I wish there was a stronger connection between my head, my heart, and my eyes. Because I had a great time on my South Carolina beach vacation – I laughed, lounged, shopped, and sunned with my wonderful friends – and yet, when I look at the photos, I wonder how I managed to have a good time at all. How ridiculous that looking at a picture or two (or a a dozen) can make me feel bad, when I know I felt so good when they were taken. Listen up, eyes: It’s time for you to catch up with my head and my heart!
Here are two pictures I want to share with you. The first is one I love, of me in my favorite bathing suit and my fantastic new sun hat, standing on the beach. You’ll notice that my belly isn’t showing, or my hips, and one arm is hidden and the other is cut off so that you can’t see how big they are.
Now here’s a picture that my best friend took, of her youngest son and me on the beach, during a break in the action of an intense game of I Spy. Oh, man. When she sent me this photo, I cringed. Look at how wide I am! Look at my arm! I wanted to hide this picture from the world. And then I immediately asked for my BFF’s permission to use this here on BFD. Because a huge part of my body acceptance journey is accepting all parts of my body, even when they aren’t artfully and purposefully cut out of the frame.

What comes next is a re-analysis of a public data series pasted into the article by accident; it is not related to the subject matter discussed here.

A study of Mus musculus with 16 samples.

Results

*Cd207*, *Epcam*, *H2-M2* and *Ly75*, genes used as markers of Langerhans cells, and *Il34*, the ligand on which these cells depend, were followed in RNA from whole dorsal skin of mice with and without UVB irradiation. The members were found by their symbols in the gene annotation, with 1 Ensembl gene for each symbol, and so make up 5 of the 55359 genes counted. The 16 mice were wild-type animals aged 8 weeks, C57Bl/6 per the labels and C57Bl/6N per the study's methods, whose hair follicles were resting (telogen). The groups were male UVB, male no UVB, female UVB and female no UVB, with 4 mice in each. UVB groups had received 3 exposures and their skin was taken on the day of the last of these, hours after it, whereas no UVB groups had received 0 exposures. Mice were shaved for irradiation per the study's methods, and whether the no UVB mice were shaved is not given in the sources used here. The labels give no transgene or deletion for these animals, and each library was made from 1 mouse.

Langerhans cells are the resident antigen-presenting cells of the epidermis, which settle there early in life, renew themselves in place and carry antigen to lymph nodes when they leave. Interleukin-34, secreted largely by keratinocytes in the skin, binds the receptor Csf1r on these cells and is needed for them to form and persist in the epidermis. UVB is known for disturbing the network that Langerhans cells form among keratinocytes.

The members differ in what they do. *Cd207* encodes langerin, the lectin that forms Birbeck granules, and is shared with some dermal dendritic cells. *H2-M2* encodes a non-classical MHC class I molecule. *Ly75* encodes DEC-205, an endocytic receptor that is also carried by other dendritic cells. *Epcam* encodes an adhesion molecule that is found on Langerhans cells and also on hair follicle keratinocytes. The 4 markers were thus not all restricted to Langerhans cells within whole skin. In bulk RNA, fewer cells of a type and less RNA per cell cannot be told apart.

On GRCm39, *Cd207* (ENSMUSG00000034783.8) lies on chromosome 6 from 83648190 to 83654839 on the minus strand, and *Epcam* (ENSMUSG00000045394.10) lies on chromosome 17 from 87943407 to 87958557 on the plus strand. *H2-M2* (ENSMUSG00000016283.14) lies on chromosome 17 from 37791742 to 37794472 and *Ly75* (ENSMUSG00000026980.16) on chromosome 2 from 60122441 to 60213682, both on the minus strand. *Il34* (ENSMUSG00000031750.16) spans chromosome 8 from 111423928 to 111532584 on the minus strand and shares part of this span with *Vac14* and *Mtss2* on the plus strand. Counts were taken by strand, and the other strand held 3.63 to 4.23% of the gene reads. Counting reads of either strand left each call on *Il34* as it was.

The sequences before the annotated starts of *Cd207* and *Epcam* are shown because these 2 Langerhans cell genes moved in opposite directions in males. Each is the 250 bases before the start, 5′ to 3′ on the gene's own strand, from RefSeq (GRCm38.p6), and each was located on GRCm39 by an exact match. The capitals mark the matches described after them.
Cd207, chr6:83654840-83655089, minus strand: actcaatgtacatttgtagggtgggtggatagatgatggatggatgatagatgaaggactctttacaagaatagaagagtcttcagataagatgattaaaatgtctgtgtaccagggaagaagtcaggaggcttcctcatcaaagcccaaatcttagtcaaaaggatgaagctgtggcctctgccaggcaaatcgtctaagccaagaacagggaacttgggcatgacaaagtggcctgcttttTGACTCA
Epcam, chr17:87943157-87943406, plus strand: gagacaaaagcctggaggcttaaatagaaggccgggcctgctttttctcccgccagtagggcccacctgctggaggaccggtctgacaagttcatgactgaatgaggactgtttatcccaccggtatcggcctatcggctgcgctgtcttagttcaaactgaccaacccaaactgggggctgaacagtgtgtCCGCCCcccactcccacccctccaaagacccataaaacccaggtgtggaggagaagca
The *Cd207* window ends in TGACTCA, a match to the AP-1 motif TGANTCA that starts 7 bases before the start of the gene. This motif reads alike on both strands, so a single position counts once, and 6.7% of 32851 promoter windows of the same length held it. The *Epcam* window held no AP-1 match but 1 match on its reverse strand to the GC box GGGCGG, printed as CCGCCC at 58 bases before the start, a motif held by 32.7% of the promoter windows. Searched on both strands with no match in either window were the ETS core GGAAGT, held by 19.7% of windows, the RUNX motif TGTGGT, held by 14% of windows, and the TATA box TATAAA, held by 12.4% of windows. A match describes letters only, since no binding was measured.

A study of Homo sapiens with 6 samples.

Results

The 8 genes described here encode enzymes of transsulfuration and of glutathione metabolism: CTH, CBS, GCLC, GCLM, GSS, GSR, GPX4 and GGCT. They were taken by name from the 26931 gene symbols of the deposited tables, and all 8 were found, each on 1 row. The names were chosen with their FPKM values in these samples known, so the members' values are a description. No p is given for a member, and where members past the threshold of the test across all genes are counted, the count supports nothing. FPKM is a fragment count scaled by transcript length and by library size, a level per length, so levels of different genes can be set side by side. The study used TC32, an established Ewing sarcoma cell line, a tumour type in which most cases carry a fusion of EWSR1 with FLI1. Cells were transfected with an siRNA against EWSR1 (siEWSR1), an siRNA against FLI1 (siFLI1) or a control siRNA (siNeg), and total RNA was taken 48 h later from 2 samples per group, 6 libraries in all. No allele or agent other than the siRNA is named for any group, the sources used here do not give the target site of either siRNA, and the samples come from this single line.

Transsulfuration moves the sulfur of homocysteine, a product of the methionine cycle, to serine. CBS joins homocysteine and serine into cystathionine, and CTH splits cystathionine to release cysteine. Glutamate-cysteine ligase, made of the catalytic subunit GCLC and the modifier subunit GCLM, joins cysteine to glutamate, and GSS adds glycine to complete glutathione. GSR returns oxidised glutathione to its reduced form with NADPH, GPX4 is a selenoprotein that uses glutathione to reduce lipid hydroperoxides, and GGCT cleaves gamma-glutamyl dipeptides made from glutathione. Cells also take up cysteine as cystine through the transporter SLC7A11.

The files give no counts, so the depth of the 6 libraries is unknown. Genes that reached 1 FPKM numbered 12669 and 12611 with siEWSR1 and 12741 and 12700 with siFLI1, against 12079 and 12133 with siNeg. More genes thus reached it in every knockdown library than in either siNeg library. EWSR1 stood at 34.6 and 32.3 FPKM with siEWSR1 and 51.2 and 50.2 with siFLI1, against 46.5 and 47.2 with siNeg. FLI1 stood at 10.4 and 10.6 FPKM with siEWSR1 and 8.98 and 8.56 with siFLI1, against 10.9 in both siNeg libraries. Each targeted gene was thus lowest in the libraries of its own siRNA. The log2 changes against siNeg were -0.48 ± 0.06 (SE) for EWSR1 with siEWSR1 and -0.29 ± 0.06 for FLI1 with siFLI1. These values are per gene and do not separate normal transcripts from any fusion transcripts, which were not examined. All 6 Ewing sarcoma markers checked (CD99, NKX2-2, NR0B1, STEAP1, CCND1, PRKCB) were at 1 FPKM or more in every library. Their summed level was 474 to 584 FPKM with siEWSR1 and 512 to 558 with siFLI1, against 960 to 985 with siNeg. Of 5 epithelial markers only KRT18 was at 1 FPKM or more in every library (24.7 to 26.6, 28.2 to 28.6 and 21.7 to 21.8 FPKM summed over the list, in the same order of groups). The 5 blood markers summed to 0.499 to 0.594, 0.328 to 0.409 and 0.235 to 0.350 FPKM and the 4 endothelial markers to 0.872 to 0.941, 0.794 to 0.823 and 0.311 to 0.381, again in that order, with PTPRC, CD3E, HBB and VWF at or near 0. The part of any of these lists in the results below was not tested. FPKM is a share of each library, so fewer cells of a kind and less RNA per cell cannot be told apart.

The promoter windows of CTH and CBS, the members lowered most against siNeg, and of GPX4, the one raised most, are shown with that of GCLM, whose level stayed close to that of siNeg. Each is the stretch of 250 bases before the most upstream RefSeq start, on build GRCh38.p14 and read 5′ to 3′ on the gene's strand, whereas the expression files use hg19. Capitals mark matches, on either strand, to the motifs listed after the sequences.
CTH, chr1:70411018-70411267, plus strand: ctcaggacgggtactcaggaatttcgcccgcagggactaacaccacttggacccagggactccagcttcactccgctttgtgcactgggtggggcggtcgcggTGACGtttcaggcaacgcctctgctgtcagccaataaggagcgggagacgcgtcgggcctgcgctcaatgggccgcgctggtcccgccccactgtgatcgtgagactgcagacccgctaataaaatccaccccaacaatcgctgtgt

There are a lot of other pictures from this trip that make me uncomfortable. I look so wide, so big, so this, so that. (I don’t know if I will ever like my eyes without makeup!) But I keep reminding myself of how much fun I had, how good the sun felt, how much I loved those sunrise walks on the beach, those moments when I laughed so hard I could barely breathe, those glasses of wine with the girls as dusk settled in. I can’t let those great memories that live in my heart and head be corrupted by what my eyes see now.
My friend Rachel once told me that, because a picture is just a frozen moment in time, it doesn’t capture the real us. In life, we are constantly in motion, our bodies are always moving, shifting, changing. When we see what we perceive to be an unflattering photo, that isn’t an accurate representation of what we look like, because our arm isn’t frozen in that particular position, our bellies aren’t always seen from the side, our chins (!) aren’t always viewed from that angle . I try to remember this, that a picture is worth a thousand words, but my body in motion – yours, too – is worth so very many more.
This picture comes into focus: Me, in a bathing suit on a beach, fat arms and belly and hips and thighs, laughing, surrounded by the people I love, happy.